Animals have it easy. The experience something, they look at it, licks their wounds and move on. But people! They experience something, look at it, become totally upset, add to the story, lick their wounds, keep on licking, get other people to look at it, get other people to say that it’s really a pity and too bad, and if at all possible, continue to wallow around in it. Then what happened becomes a part of one’s life that one just can’t get rid of. It’s called “dramatizing” or “reliving” and is one of the greatest handicaps in a person’s life, one that causes illness.
When drama is still necessary
People ask attention for their problems by creating drama. If no one listens, or nobody really listens, people embellish the story about the situation. They add drama. “It’s really bad!” and make it worse than it really was, so the other person has to listen. People who make a habit of this and often do it are called “drama queens”, or even “professional victims”. These people are used to coming up with all kinds of reasons for something happening to them and work themselves into a corner. The real reason, the deep reason they keep doing this, remains hidden under a thick layer of words and hassle.
Be honest with yourself
This is one of the most difficult steps in your life, for you to stop embellishing things that happened in the past. Realize that your mother is a straight-talker and sometimes hurts people. You don’t need to take it personally; this is just her awkward way of communicating. Maybe your father never said, “I’m proud of you”, never gave you any signs of appreciation because he never learned how to deal with his emotions. It’s just what it is. It can’t be changed. Accept it or forget it.
What are you really trying to say?
Behind all the drama, all of the exaggerated behavior, a profound, intense longing is hiding! You want someone to understand you! And that longing is for love, attention, security and connection.
What you actually want to say is:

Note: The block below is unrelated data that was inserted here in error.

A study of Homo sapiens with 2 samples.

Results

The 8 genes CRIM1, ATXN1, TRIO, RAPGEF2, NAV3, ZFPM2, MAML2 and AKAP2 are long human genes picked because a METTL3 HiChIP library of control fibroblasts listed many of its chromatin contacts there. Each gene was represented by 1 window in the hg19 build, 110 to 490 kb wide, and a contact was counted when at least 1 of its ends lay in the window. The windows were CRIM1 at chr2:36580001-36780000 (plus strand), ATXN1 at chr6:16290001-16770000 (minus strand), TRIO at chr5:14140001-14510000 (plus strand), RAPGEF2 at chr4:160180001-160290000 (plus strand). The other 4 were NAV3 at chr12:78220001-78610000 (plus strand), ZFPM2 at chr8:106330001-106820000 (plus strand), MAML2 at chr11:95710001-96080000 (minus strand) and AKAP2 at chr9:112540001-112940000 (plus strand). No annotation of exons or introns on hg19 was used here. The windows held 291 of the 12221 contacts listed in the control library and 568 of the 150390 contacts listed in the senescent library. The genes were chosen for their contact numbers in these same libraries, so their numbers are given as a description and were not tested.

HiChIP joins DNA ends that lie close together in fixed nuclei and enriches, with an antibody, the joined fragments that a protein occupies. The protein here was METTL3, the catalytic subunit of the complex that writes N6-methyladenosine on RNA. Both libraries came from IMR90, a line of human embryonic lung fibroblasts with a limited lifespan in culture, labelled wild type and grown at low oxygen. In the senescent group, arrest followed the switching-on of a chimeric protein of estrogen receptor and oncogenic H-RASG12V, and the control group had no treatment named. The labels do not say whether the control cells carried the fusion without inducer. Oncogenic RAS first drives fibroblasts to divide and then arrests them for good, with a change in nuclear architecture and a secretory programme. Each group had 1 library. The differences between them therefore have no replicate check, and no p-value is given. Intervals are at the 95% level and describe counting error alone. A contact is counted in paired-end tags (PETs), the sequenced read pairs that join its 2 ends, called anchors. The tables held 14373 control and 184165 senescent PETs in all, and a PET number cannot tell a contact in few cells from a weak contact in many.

“I’m very unhappy. I want to feel understood. Would you please listen to me?”
“I miss being close to you. Would you come to me?”
“I feel like such a failure and I long for your support. Would you give me that?”
“The grief I feel about not really being in contact with you is killing me. May I tell you how I really feel about you?”
“I feel so alone and miss real contact with other people.”
Reliving is bad for your health
The more you talk about your problems, the stronger they become. Dealing with something has adverse effects when you are constantly reliving your old situations. Your brain then has to remember the images, words and feelings. That strengthens the connections in your brain about this. It’s just like a path through a field of grass, on which people constantly walk. The more you train your brain’s connections, the stronger they become. You become really good at picking at old grudges. This also happens with drama. If you keep bringing up old painful memories, you strengthen them and become more entrapped in them.
Stop this, and you can free yourself. That was in the past. That was then. It is no longer a part of your NOW.
Brain connections become stronger
I’m worried about people who go to therapists for long periods of time, who continually have you go back to the past and relive your memories. If you strengthen these brain connections, the memories become stronger and more intense. You can’t rid yourself of them.
For this reason, a MIR-Method coach won’t talk for long about your past, but rather gets to the core of the problem by using muscle tests and erasing old emotions with you. Usually the coach doesn’t even try to find out what your whole story was. That’s a waste of your time and not a good use of your brain. You can read more on my thoughts about this in article 141, “Disagree with Your Thoughts!”.
Become more resistant to stress
If you do the MIR-Method, it’s possible that you become calmer and more “mature”. With “mature”, I mean that you become more flexible in dealing with setbacks. You can cope better with them. Your mind calms down more easily. “What actually DID happen? How bad is it, really?” You can put things into perspective more easily, shrug your shoulders and not become entrapped in what happened. You shake the stress right off yourself!
And how about you? Do you recognize this? Are you less dramatic about things that happen and better able to see what really happened? Do you recover more quickly when something bad happens, or from stress? I’d love to hear about it! Please write about it below. Thank you!
My wish for you is that you can keep your brain wonderfully light!